Facebook’s Delegated Account Recovery, a protocol that allows applications to delegate account recovery permission to third-party applications, entered its beta phase today with the release of SDKs and additional support for new platforms.
The feature has been running on a trial basis since late January with GitHub being the first service to adopt the protocol. Today, at the F8 developer conference in San Jose, Calif., Facebook announced it was publishing software development kits, documentation and sample apps for Java and NodeJS server platforms, while GitHub simultaneously published its SDK for Ruby.
“Developers can use these resources to build a recovery flow that integrates with their application, and they can try it out immediately with test users,” said Facebook Security Engineer Brad Hill in a statement.
Delegated Account Recovery forgoes the need for a user to remember and answer security questions or request PINs via SMS or email messages. Instead, an organization would create a recovery token in advance that is shared with the delegated third-party site. The token is encrypted and Facebook said it cannot access personal information. Facebook has positioned this option as an ideal alternative for a user who has lost their second form of authentication, be it a smart phone or physical security key.
“Instead of requesting user data at the outset, your business creates a recovery token linked to your identifier for the customer, and sends it to Facebook. We keep it safe and private until that person needs it. Think of it as giving a sealed envelope to a trusted friend. Facebook can’t see what’s inside; we just know we shouldn’t give it back to anyone but you,” Hill said. “When the need to recover access arises, Facebook will take the person through a re-authentication flow and then send the original sealed envelope back to the service that created it, with a new cryptographic signature from Facebook.”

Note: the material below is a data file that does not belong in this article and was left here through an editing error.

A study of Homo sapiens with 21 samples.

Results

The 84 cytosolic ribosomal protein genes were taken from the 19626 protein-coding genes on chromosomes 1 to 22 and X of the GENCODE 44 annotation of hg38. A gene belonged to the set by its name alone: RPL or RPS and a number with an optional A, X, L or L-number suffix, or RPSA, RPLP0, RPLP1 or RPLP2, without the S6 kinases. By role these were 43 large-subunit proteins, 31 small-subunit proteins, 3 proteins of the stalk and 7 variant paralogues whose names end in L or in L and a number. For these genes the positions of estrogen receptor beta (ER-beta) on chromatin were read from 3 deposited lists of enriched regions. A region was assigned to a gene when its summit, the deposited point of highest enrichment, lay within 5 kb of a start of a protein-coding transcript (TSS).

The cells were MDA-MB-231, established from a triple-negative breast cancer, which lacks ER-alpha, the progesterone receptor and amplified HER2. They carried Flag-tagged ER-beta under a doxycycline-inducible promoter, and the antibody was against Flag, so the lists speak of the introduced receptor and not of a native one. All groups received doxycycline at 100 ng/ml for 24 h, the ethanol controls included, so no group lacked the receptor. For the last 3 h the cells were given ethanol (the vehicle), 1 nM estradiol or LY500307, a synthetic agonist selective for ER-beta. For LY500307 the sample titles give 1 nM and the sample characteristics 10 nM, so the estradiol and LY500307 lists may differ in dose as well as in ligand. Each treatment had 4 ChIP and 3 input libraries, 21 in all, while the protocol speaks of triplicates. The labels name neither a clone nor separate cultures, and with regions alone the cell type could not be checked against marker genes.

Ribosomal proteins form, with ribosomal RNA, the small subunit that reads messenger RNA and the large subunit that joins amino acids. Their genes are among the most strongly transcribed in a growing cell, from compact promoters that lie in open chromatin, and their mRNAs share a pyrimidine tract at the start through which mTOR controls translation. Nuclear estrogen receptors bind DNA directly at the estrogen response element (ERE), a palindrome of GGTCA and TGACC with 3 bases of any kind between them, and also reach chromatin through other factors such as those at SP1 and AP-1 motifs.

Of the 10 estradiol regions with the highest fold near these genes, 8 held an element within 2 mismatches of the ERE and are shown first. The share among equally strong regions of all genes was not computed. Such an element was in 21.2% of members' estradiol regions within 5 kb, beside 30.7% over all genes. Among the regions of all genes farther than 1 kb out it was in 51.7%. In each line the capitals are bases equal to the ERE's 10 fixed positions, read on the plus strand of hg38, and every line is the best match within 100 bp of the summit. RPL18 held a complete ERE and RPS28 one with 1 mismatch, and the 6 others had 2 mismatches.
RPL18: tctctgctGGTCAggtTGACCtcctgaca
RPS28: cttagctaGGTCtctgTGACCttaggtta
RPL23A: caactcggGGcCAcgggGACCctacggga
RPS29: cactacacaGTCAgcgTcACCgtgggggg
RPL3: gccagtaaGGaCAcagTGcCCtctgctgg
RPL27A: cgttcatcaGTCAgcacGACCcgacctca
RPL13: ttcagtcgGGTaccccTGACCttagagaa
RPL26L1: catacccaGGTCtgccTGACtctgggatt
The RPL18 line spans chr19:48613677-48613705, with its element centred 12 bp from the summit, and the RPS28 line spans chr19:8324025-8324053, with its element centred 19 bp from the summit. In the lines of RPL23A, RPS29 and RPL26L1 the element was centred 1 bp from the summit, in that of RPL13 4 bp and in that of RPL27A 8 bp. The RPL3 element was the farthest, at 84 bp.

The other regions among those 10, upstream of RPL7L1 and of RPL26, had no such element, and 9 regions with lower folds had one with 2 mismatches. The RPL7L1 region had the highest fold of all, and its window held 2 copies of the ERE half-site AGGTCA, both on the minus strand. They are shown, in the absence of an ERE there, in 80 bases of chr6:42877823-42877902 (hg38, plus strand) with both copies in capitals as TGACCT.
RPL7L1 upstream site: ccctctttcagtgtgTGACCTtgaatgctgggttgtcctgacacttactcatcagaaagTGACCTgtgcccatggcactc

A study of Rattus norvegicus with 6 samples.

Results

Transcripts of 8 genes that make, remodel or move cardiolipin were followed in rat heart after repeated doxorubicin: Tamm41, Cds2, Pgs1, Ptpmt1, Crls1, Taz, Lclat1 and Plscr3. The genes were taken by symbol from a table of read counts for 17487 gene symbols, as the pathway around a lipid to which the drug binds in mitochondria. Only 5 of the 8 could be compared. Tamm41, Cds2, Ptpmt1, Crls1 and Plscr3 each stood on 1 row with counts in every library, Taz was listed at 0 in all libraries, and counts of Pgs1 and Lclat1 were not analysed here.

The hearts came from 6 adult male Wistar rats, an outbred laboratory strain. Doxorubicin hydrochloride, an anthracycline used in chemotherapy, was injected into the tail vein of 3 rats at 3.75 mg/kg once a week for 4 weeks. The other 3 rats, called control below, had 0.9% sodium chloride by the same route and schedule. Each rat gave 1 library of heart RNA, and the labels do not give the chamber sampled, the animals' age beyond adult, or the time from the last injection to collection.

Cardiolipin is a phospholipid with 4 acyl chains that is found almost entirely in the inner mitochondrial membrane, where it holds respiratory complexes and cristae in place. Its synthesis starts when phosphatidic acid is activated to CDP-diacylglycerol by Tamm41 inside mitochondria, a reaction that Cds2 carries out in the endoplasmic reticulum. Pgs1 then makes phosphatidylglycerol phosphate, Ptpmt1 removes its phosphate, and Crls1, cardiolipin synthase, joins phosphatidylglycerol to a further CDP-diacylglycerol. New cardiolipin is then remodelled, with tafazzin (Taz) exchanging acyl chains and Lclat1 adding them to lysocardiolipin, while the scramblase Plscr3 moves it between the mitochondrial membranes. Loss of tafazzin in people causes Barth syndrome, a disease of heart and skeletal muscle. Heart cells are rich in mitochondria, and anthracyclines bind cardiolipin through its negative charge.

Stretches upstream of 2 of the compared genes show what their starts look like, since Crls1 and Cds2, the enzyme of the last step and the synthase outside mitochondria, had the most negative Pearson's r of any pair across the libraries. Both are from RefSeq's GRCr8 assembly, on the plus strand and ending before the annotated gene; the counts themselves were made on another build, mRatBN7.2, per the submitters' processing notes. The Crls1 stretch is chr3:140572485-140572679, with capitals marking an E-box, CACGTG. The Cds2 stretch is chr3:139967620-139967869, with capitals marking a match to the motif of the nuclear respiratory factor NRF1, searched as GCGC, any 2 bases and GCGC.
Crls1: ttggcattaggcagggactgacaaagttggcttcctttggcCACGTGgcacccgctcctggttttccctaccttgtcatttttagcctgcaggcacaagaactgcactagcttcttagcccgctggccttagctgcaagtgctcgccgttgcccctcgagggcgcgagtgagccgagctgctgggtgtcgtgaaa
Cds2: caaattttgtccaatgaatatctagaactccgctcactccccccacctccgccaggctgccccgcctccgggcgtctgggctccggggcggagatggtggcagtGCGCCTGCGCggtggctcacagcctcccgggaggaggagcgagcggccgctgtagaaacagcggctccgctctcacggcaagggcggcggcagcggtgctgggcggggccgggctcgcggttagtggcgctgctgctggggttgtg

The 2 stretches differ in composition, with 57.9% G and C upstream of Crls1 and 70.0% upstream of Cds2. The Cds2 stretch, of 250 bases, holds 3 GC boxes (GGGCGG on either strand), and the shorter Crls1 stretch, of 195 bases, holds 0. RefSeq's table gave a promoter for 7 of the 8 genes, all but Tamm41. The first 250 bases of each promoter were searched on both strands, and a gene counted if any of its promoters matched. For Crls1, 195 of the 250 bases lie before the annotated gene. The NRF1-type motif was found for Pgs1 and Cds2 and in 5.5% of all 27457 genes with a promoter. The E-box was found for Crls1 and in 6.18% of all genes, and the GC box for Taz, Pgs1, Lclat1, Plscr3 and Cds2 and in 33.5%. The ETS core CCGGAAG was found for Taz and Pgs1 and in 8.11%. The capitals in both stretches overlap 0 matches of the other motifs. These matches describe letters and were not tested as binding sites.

Facebook said that developers choosing to use the protocol would have a means of authenticating a user and restoring access without needing to expose their personal information on Facebook or having Facebook know their identity on the respective service.
GitHub was Facebook’s first partner with this feature, and users who needed to recover their GitHub account were able to do so by authenticating with their Facebook accounts. The recovery token would in turn be sent from Facebook to GitHub time-stamped with a new cryptographic signature without the need to exchange information over email or share personal information of any kind.
Hill said Delegated Account Recovery also implements rate limiting to prevent potential abuses of the system and also limits recoveries of other accounts if a user’s Facebook account was recently recovered. The tokens are cryptographically protected, unlike plaintext emails so often used in current recovery schemes, Hill said.
“Plaintext email reset links tend to end up in many different places — from ad keyword extraction systems to e-discovery to spam and anti-virus scanners. Delegated recovery tokens don’t need to be seen by these systems, and they can’t be abused if they are incidentally disclosed,” Hill said. “The system is designed to be resilient even to large scale data dumps email and user databases that have become common. With independently held cryptographic keys needed to use them, recovery tokens offer a level of security that we don’t see from email.”